Founder of the Month: Steffy Roos du Maine, JBL&G and Mindful & Miljonair

*Pic credit to Stance Photography

Imagine finding yourself in the dusty desert surrounded by sage and slate gray. Around you only 400 square mile of what is known as the Black Rock Desert. Catapulted in another reality, where the phone doesn’t work and money doesn’t exist. That’s how Steffy du Maine felt, 4 years ago, when she decided to take a friend’s advice and get a ticket to Burning Man.

“I had no idea what I got myself into. I got there and I was like wow, I hate it. And I had a total mental breakdown. It was everything I didn’t want, I wasn’t connected. I couldn’t work, no updates, no nothing” says Steffy, thinking back to the adventure that changed her being a business woman.

Steffy Roos du Maine, indeed, is successfully the head over 4 JBL&G offices, all around the Netherlands, from Groningen to Rotterdam, counting over 60 employees. After finishing her studies in Conflict studies, she found herself in front of a choice. “I was looking at the Zuidas companies, and my mother at that time was running a small legal business. So I decided to buy her shares.” With her mother happy to no longer be in charge , Steffy took over what initially counted only 3 freelancers. The company started growing quickly and steeply, but at the expense of Steffy herself.

“I was young and eager, I really felt the need to work day and night, and every weekend. The more successful I was the more I felt I had to work really hard. Otherwise, I wouldn’t deserve it. That’s the image I built, reading articles and books especially about male entrepreneurs” she explains. Waking up early, working day and night, forgetting her own health and life, Steffy quickly turned out to be exhausted. While the business was going surprisingly good, the same can’t be said about herself. And the burning man came just at the right time.

If the first day was a disaster, with a mental breakdown on top of everything, eventually Burning Man adventure taught Steffy a lot. Above all it changed her working approach and that of her employees. “Actually that was the start of my spiritual journey. I think it saved me in a sense that I saw that taking care of myself and self-development is important, I cannot just work work work. It’s not good for me and neither for the people around me” Steffy explains.

Despite the skepticism of her employees, fearing she might become “too hippy” to be running a business, when looking back instead of having a negative impact “the numbers of employees, and revenues tripled once I stopped working so hard” she says proudly.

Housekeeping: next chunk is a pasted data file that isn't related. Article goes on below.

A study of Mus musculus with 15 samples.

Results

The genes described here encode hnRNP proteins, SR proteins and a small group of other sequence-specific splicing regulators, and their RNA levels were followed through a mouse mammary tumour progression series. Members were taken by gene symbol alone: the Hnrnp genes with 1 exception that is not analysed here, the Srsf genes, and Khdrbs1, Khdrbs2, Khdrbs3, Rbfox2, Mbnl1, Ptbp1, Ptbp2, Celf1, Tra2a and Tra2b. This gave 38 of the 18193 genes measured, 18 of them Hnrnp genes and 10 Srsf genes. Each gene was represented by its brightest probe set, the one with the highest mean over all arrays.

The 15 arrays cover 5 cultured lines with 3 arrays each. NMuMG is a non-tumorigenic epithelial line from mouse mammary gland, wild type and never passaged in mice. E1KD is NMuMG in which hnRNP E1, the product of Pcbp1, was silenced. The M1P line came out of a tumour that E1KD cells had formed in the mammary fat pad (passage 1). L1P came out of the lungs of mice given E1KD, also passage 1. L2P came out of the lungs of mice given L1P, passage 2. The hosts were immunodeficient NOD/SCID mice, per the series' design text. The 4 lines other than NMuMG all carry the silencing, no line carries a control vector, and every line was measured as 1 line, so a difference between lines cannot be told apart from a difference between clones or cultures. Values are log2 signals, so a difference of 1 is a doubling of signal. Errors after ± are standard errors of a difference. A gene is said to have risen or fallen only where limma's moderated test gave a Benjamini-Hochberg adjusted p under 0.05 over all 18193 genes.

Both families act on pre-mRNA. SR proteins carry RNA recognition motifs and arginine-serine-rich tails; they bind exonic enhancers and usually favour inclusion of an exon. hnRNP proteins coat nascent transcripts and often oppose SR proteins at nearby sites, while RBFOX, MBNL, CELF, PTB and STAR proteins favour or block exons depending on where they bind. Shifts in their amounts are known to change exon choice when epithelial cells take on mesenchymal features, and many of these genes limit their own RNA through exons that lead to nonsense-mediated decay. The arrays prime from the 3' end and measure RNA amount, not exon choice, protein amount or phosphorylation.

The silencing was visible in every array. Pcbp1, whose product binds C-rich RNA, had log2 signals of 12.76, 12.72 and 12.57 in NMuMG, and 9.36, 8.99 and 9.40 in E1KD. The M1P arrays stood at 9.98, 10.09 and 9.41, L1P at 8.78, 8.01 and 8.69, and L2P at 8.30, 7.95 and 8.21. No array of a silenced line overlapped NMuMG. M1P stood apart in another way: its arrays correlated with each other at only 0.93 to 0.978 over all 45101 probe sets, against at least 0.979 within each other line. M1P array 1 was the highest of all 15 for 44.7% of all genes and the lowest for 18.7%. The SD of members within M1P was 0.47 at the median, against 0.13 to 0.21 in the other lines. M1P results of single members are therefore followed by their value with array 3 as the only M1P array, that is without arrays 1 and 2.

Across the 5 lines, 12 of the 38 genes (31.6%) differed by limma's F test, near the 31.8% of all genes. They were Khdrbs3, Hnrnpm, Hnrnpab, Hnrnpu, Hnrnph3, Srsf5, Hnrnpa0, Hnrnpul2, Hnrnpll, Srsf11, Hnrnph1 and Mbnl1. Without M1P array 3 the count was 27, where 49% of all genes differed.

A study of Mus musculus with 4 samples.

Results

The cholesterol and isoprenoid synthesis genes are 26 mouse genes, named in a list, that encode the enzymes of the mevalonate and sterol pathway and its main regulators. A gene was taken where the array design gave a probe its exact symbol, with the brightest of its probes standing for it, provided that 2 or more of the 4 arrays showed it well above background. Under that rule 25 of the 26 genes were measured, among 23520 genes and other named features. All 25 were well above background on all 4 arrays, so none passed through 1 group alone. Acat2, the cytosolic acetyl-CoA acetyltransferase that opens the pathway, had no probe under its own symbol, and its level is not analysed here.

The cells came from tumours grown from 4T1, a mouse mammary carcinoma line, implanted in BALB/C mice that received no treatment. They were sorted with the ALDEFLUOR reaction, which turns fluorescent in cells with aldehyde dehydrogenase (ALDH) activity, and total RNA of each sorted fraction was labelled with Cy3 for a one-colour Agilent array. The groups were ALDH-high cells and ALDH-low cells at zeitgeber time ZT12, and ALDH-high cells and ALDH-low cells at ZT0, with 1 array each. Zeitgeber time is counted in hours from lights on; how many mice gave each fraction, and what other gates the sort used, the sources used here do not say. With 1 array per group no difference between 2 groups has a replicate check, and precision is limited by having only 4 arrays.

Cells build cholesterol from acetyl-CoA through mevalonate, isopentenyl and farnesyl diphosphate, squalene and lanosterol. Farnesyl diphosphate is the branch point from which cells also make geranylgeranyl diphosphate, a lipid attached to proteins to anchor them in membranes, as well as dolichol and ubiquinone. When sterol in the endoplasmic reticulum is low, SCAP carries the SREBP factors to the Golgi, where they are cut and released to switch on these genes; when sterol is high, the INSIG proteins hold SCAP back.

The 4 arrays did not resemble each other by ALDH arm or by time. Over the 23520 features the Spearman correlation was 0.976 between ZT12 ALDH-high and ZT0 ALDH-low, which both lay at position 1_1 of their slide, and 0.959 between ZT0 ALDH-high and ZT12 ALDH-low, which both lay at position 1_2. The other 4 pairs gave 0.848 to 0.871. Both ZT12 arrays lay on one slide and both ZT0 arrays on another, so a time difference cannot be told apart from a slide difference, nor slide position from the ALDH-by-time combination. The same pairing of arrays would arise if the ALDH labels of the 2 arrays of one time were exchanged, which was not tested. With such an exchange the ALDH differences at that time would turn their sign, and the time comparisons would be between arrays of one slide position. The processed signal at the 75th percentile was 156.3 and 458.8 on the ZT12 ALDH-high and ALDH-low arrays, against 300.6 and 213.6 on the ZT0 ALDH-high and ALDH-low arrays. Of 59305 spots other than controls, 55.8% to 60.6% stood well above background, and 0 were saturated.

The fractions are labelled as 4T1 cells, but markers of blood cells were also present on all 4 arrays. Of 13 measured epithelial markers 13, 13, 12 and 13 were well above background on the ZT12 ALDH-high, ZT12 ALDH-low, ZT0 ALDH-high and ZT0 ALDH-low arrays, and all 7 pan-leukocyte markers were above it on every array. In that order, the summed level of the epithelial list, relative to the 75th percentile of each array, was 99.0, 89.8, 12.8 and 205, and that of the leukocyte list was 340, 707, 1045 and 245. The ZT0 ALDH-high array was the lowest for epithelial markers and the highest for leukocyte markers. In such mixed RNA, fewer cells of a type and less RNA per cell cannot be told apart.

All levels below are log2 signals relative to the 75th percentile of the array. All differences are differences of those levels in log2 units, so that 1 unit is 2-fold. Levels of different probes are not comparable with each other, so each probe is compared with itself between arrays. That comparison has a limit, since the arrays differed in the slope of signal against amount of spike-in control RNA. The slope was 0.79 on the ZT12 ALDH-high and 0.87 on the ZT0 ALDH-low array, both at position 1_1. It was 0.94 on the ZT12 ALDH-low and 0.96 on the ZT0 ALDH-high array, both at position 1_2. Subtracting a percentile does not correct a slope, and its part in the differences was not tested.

“I used to be a workaholic control freak. Now I just do it a lot easier, what changed in me and in the business is that I have more confidence in myself and in the people around me. I used to be thinking that everything would go wrong, constantly doubting and wanting to check everything, not letting my employees grow. So permitting people around me to grow is the only way to grow business.

“Business is a spiritual game”

The experience of Burning Man did not only let her change her approach to work. But she translated some of the practices learnt into her daily life. From workshops to cocoa ceremonies, Steffy since the launch of her book “Mindful & Millionaire” , helps others grow their business or career through spirituality.

“As a person, the best way to grow is to connect to my spiritual tools – there are also other things of course -. But in the end I first need to grow as a person, to let my business grow, because the growth of your business will be a mirror of yourself.”

And to those who criticize her that spirituality has nothing to do with entrepreneurship. Steffy knows how to reply.  “Instead of fast food chains or fast fashion, why shouldn’t spiritually involved people make more money? I think that if you have that connection with yourself and the others, you also spend your money better, and take care of the people around you. In the end, money should be flowing like energy.”

How not to be agreed. The benefits of being connected with oneself and the surrounding environment are manifold. Spirituality, indeed, can be articulated in many different ways, practiced as one prefers or feels more comfortable. Putting spirituality into the business world, to the most, appears paradoxical; but why not demystify and normalize something through which more and more people are able to achieve well-being both in personal and professional life, contributing to a more successful and healthier career?

If you are curious, you can read Steffy Du Maine’s book Mindful & Miljonair. Or if you have already done so, reach out to her to join one of her workshops.